Agriculture appropriations bills move through subcommittees

Last week, the House and Senate Appropriations Subcommittees on Agriculture, Rural Development, Food and Drug Administration (FDA) and Related Agencies met to markup their respective agriculture appropriations bills.

The bill would include $1 billion for the Food and Safety Inspection Service (FSIS) and various food inspectors across the meat, poultry and egg industries. These personnel add up to more than 8,000 workers inspecting over 6,400 facilities across the U.S.

The FDA would also receive $2.6 billion in discretionary funding, which would be divided amongst the Center for Food Safety and Applied Nutrition and the Center for Veterinary Medicine. The remaining portion of the money not going towards the centers would be allocated for an increase in food safety activities.

The bill was met with some objection; arguments included that the bill “[failed] to make the necessary investments to protect consumers.” In particular, it was pointed out that the bill would give the FSIS approximately $6 billion less in funding than the previous year. More comments included that while the increase in funding for food safety was positive, it still wasn’t enough.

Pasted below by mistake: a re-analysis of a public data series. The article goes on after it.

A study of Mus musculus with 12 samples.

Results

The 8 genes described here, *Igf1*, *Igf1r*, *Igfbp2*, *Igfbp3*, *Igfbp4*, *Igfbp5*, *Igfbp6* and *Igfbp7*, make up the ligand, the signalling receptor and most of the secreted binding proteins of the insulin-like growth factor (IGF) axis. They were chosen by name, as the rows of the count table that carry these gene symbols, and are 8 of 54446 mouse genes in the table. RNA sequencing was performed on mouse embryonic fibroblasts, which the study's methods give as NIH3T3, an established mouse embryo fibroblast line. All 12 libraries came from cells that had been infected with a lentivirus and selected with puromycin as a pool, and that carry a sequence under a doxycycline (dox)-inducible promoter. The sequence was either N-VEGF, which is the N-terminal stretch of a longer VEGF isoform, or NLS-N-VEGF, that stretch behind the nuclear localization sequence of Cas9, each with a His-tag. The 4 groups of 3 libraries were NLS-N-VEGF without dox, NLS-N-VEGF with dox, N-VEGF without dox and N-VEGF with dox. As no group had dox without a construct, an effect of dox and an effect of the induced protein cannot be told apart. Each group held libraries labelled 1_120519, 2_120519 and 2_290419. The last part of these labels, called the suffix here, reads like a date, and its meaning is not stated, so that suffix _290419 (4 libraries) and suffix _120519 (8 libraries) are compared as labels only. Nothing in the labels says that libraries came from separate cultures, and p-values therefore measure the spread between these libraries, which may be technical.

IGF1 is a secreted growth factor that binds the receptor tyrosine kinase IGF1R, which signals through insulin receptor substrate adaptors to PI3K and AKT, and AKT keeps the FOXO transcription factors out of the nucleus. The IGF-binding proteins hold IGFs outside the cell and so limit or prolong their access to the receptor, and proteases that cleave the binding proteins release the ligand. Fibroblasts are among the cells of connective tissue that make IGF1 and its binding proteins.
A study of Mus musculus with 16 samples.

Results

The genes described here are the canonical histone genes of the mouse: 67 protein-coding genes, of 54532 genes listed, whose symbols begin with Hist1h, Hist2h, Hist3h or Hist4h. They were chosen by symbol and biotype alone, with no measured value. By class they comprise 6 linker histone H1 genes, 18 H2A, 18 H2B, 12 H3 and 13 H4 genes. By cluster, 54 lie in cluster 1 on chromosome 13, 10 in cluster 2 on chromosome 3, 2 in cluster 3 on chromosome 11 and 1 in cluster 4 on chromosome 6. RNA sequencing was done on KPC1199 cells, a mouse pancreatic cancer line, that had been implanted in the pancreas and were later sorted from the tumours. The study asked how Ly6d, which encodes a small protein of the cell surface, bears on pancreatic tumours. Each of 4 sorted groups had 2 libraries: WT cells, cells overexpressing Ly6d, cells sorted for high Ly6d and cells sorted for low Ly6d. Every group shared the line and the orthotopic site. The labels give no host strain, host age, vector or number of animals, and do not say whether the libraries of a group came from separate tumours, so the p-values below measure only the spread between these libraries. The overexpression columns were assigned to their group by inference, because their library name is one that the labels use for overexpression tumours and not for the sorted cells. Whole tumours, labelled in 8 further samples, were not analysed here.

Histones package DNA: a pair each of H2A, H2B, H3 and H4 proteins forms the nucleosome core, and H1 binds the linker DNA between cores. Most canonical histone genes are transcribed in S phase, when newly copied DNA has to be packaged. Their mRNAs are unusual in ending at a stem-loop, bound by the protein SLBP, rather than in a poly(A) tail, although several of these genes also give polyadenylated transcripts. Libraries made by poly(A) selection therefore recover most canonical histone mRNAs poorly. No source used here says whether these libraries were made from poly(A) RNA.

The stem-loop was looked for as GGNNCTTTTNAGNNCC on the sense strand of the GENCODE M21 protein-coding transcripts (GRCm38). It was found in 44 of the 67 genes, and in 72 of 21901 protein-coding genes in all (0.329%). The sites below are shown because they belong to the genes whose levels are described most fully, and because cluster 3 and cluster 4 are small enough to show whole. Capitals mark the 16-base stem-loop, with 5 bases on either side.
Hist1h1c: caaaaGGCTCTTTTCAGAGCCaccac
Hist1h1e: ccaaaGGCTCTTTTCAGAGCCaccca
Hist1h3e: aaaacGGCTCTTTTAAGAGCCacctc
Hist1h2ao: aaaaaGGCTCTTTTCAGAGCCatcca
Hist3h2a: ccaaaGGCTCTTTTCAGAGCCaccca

“We should provide the FDA with the amount of money they need to protect people from foodborne illness,” said Representative Rosa DeLauro (D-CT), part of the subcommittee. The bill passed in the House, despite DeLauro’s objections.

The bill went before the Senate, where two amendments were added that banned horse slaughter and required that genetically engineered salmon be labeled.

It is expected that a full committee markup of the House agriculture appropriations bill will take place this week.

UPDATE 5/30/14: The House added two more amendments to the bill this week. The first bill on horse slaughter is a similar to the one that passed in the Senate.  Another amendment centers on “Chinese chicken,” which would prevent all poultry processed from the country being used in school lunches, breakfasts and food programs. There was no objection to that particular amendment.

Additionally, Democrats aimed to remove a provision of the bill, which would give certain schools a waiver on compliance with nutrition standards. The motion was rejected with a 29-22 vote.

The agriculture appropriations bill was approved by a vote of 31-18.